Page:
A YouTube spokesperson told Liam O’Dell that out of 37 creators spoken to about the platform’s plan to scrap community contributions, three were deaf or hard of hearing.

In a series of comments provided to this website, they said that detailed feedback was obtained from the deaf and hard of hearing community after a video calling for feedback was published on YouTube in April.

The new information revealed to Liam O’Dell come just days ahead of the date in which YouTube plans to remove the feature, which is on Monday.

Speaking in the video on the Creator Insider channel, Product Manager James Dillard said that why they were considering removing the feature – which allows viewers to submit captions or translations to a YouTube channel – was that “not that many creators are ultimately using it.”

“Some of the things that we heard [from users] were, ‘well, I really love that it exists” – everyone is positive on the theory – and then they said ‘but…’

“They say things like, ‘but I’ve had problems with spam’, or, ‘it’s not reliable enough for me’,” James added.

The upload, titled Special SNEAK PEEK: The Future of Community Captions? also saw YouTube invite viewers to leave comments about their thoughts on the proposals.

At the time of writing, over 1,000 comments have been left on the video, with many calling on the platform to reverse its decision.

When asked about the process following the request for feedback, the spokesperson said that all comments on the video were examined alongside the one-on-one interviews with heavy users of the feature to understand people’s concerns.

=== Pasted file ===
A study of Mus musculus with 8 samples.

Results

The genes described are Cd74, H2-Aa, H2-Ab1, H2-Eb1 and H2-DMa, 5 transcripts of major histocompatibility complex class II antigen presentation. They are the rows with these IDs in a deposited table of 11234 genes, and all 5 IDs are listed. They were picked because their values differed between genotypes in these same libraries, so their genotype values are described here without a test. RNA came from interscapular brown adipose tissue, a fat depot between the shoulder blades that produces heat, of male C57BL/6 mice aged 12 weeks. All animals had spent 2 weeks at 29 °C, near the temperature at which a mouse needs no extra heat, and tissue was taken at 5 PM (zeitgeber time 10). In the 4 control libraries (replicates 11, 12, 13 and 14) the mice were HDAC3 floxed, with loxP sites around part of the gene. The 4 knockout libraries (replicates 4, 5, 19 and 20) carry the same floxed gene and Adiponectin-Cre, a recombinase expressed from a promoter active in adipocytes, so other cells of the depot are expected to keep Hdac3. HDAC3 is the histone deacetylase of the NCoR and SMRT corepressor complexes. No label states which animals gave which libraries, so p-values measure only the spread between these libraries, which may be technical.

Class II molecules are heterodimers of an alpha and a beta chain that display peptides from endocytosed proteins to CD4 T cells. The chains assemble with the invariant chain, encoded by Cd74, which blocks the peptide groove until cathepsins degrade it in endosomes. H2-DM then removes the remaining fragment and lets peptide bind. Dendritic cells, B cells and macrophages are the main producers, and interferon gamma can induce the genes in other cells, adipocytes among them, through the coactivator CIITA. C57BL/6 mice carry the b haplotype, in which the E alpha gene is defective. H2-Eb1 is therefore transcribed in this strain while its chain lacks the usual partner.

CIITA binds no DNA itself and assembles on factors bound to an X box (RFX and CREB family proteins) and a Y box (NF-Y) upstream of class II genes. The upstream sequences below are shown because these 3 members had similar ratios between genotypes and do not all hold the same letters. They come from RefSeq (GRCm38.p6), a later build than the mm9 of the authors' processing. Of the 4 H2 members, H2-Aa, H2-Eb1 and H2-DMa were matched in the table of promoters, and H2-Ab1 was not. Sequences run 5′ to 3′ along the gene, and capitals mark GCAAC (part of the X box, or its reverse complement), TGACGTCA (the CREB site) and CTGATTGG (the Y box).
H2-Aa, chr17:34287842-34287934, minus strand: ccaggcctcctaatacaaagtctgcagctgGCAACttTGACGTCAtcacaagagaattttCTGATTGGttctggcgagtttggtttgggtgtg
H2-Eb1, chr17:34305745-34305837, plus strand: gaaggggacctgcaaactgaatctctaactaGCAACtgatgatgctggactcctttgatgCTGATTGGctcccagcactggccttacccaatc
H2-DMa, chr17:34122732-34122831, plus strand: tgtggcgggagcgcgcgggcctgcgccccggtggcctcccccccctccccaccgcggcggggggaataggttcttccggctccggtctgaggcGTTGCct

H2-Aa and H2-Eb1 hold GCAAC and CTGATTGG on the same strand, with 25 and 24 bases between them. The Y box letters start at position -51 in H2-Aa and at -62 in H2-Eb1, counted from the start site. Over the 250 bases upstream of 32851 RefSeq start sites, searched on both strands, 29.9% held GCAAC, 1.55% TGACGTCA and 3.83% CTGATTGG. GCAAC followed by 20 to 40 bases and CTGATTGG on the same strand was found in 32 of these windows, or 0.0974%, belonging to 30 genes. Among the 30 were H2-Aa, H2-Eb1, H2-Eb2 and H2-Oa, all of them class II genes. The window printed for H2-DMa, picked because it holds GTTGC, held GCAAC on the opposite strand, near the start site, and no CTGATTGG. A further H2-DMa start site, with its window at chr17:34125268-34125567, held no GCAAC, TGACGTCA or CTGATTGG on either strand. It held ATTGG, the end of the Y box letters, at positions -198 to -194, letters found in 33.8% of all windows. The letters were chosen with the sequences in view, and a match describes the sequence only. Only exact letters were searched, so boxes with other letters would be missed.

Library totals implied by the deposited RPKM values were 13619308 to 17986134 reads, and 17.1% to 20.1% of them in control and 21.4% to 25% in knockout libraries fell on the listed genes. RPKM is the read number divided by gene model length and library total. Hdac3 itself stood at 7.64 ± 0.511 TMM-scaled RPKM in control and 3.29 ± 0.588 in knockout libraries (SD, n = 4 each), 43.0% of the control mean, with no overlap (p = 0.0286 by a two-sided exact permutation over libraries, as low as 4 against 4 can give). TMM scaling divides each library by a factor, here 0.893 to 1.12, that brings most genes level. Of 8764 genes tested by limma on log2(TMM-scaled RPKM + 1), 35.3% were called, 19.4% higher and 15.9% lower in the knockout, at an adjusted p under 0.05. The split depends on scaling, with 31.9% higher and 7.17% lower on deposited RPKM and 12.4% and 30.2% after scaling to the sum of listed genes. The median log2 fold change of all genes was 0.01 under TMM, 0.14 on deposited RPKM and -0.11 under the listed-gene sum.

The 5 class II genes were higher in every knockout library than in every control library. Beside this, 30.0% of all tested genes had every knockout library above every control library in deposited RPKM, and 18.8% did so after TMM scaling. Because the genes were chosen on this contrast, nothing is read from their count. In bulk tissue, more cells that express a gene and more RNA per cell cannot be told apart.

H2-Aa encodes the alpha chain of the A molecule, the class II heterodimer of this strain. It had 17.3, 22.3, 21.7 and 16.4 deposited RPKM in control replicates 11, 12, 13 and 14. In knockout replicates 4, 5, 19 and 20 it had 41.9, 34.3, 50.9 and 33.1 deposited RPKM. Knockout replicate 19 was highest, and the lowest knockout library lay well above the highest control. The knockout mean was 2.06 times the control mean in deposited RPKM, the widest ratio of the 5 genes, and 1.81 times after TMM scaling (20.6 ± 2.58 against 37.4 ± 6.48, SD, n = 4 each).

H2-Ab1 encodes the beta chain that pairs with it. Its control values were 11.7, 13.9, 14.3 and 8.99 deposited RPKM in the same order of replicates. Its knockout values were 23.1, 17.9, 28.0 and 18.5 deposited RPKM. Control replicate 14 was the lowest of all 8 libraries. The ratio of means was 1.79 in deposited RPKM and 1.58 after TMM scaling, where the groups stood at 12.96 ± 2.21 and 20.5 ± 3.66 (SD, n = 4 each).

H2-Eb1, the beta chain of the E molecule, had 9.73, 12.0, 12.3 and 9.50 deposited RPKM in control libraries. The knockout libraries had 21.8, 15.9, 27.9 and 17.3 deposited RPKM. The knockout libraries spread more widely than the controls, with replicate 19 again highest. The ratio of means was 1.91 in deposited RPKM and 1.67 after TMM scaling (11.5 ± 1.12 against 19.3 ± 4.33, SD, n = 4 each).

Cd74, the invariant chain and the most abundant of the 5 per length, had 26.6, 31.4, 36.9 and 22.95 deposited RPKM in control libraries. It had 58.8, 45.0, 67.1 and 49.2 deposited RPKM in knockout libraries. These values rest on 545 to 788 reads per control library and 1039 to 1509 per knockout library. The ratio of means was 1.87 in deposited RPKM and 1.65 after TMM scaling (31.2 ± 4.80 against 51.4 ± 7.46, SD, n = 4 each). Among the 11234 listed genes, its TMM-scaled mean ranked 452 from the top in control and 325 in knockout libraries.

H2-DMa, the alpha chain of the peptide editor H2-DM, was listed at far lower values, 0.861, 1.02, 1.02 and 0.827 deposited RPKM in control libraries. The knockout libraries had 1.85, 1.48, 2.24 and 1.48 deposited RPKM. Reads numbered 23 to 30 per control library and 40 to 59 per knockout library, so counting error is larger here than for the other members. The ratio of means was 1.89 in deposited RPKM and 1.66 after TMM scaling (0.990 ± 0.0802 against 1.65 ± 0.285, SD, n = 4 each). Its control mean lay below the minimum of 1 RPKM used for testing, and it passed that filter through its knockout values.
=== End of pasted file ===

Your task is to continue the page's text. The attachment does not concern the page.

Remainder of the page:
The feedback was then assessed against other potential work which could be carried out on captions, with outcomes from the feedback including a captioning role in permissions and the free membership to the third-party captioning service Amara until the new feature had been created.

Meanwhile, larger channels called for a programme for captions, offering creators partnerships with paid, external captioning services.

The YouTube spokesperson continued to say that creators can add an unlimited amount of users to a channel through permissions, while community captions were only used by most channels for a small number of languages.

Alongside low usage, YouTube have also said that there were reports of the tool being used for spam and abuse, with content creator JT flagging in August 2019 that community contributions had been used to target individuals.

YouTube then went on to introduce an approval setting for the feature, but revealed to this website last month that while it reduced instances of spam, it also led to less usage.

In a further comment to Liam O’Dell on Thursday, a spokesperson said that both automatic and manual tools were in place to address spam, but abusers were still able to find ways around these.

The platform had to consider if tackling the abuse of community contributions was better than adding captions into the upload process in Creator Studio.

YouTube also said that axing the feature allows them to work on permissions, an improved editor drawing upon automatic captions, and the integration of subtitles into the upload flow.

When asked about YouTube’s next steps around captions on the platform, the spokesperson concluded by saying that they will not explore captions which are applied to a video which a creator is unable to manage.

They added that it seems that members of the YouTube community want to caption a channel’s content without oversight from the creator, who would be criticised by viewers if offensive words appear in the captions.

More information about the platform’s decision to deprecate community contributions can be found on the YouTube Help Center website.


Update: Responding to these revelations, Deaf YouTuber and campaigner Rikki Poynter said: “I am baffled that they asked three people including me for feedback, then they looked at the comments as well and they still got rid of it.

“It just shows that they don’t really care about deaf viewers and disabled creators.”